A polka-dotted creature the size of a bus glided past me in tropical waters. I was surrounded by the largest living shark species on the planet. The spotted giants with wide-open mouths moved slowly, but were still faster than me. Time to cue JAWS music? No, more like Beethoven's "Ode to Joy."
I was enchanted with a delightful, unforgettable, literally immersive experience. The behemoths were peaceful, filter-feeders called "whale sharks," seeking the tiny plankton I couldn't see.
Whale sharks are a traveller's treasure off the shores of the tourist mecca of Cancun, Mexico. From June to September boats can take swimmers and snorkellers from their resorts to places where the gentle giants come annually to feed, usually off Isla Mujeres or Isla Holbox.
These unpretentious creatures rival dinosaurs in weight, and have been pegged as the very biggest non-mammal creatures with vertebrae on the planet. They are also numero uno on the chart of largest sharks, yet it's safe to snorkel with them.
They don't have showy behavior like breaching humpbacks or spouting grey whales, but they often move slowly enough to track, and are fascinating to watch. Sometimes they carry hitchhiking fish called remora.
Watching remarkable animals close-up in their own realms, not caged, is one of life's great connecting experiences. Unlike seeing wildlife from inside a safari jeep out on a savannah, inside a shark cage in chummed waters, or through the barred windows on some bear-sighting trips, observing whale sharks can be an eye-to-eye experience. And their eyes seem disproportionately small to their impressive bodies as you float free, side-by-side, with nothing between you and the giants but water.
You don't have to be an Aqua Superhero to jump into nature's aquarium without walls. Snorkel vests can help your buoyancy and guides are available for extra help. The water temperatures range from 25 to 29 degrees celcius so you may want to wear a light skin or wetsuit depending on your comfort levels.
Make sure before you leave shore that you have the right size wetsuit, a snorkel mask that fits well and a good way to de-fog it, so you can forget about equipment and focus on the animals! (And, of course, if you have any doubts about your fitness level, check with your doctor.) For people who don't want to get wet, watching the whale sharks from the boat can also be a gratifying experience.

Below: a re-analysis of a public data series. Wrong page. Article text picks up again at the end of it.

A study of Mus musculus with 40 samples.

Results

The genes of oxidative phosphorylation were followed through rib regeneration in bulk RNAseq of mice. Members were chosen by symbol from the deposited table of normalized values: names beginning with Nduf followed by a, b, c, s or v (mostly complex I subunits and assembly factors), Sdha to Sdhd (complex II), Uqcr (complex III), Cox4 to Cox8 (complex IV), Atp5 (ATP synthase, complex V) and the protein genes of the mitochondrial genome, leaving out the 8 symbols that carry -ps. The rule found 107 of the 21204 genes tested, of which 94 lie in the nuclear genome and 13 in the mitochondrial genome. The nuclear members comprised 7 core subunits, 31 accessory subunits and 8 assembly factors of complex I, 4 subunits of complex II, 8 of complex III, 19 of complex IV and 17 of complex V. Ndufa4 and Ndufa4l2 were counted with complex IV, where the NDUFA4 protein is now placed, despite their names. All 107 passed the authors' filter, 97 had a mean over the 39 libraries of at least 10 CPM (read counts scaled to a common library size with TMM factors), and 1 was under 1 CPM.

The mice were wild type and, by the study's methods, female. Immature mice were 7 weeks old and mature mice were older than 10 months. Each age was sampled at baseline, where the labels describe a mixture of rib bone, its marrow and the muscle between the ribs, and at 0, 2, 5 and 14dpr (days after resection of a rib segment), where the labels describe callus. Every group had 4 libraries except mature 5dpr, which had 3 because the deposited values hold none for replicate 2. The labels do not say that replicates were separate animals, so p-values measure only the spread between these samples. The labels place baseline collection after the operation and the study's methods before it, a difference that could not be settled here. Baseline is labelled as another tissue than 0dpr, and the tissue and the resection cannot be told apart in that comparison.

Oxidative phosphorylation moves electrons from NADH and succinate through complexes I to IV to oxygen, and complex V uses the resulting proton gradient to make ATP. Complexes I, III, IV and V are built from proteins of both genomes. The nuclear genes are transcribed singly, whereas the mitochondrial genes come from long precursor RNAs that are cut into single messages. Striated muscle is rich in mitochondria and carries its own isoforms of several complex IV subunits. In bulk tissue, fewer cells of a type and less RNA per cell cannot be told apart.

It can be worth losing a little sleep to arrange for an early boat that will find the spotted creatures that the locals sometimes call "pez dama" or domino before other vessels invade the scene. The number of snorkellers is regulated to limit the quantity of humans in the water, and it's important that you respect their habitat and don't touch them.
Unlike some peek wildlife experiences that are far removed from alternate tourist activities (shopping, restaurant hopping, spas, and sports,) these natural shark-feeding grounds are near Cancun, a destination designed for tourism. The city brags a resort row on white sandy beaches, huge blocks of shopping possibilities, a 40,000 square foot Gem Spa, and over 92,000 hotel rooms.
But Cancun didn't become Mexico's top tourist destination because of the sheer number of tropical sites for siestas, sun tans, and margaritas alone. Cancun is well positioned to be an enclave launch pad for day trips to see extraordinary Mayan ruins, to explore the cenote caves and wildlife in nearby jungles, to zipline along the canopy, and embark on other terrestrial adventures.
In addition to whale sharks, the waters off Cancun also offer part of the Western Hemisphere's largest reef — the Mesoamerican Barrier Reef – as well as creative, evolving mini-reefs in the world's biggest underwater sculpture park. Started in 2006, the undersea gallery of artist Jason de Caires Taylor is now home to over 500 sculptures depicting a captivating array of human emotions.
Snorkelling allows a topside view of tropical fish swimming among vignettes of humanity 4.5 to 9 metres below. I donned a scuba tank to swim among the statues, viewing faces that looked startlingly fresh and others eaten away with the ravages of time and sea. Some figures were doing the marine equivalent of "pushing up daises" — providing decay that creates life support for others — as new mini reefs forming food banks.
For 15 plus years, I have loved and covered what I call "underwater travel" and whale sharks and the sculptures are among the memorable highlights. I'd love to re-visit both the polka-dotted behemoths and the growing gallery as it continues to change. So when I re-surfaced into the bright sunlight, "hasta la vista" seemed the right refrain.
All photos by Lisa Sonne © — not to be used without permission.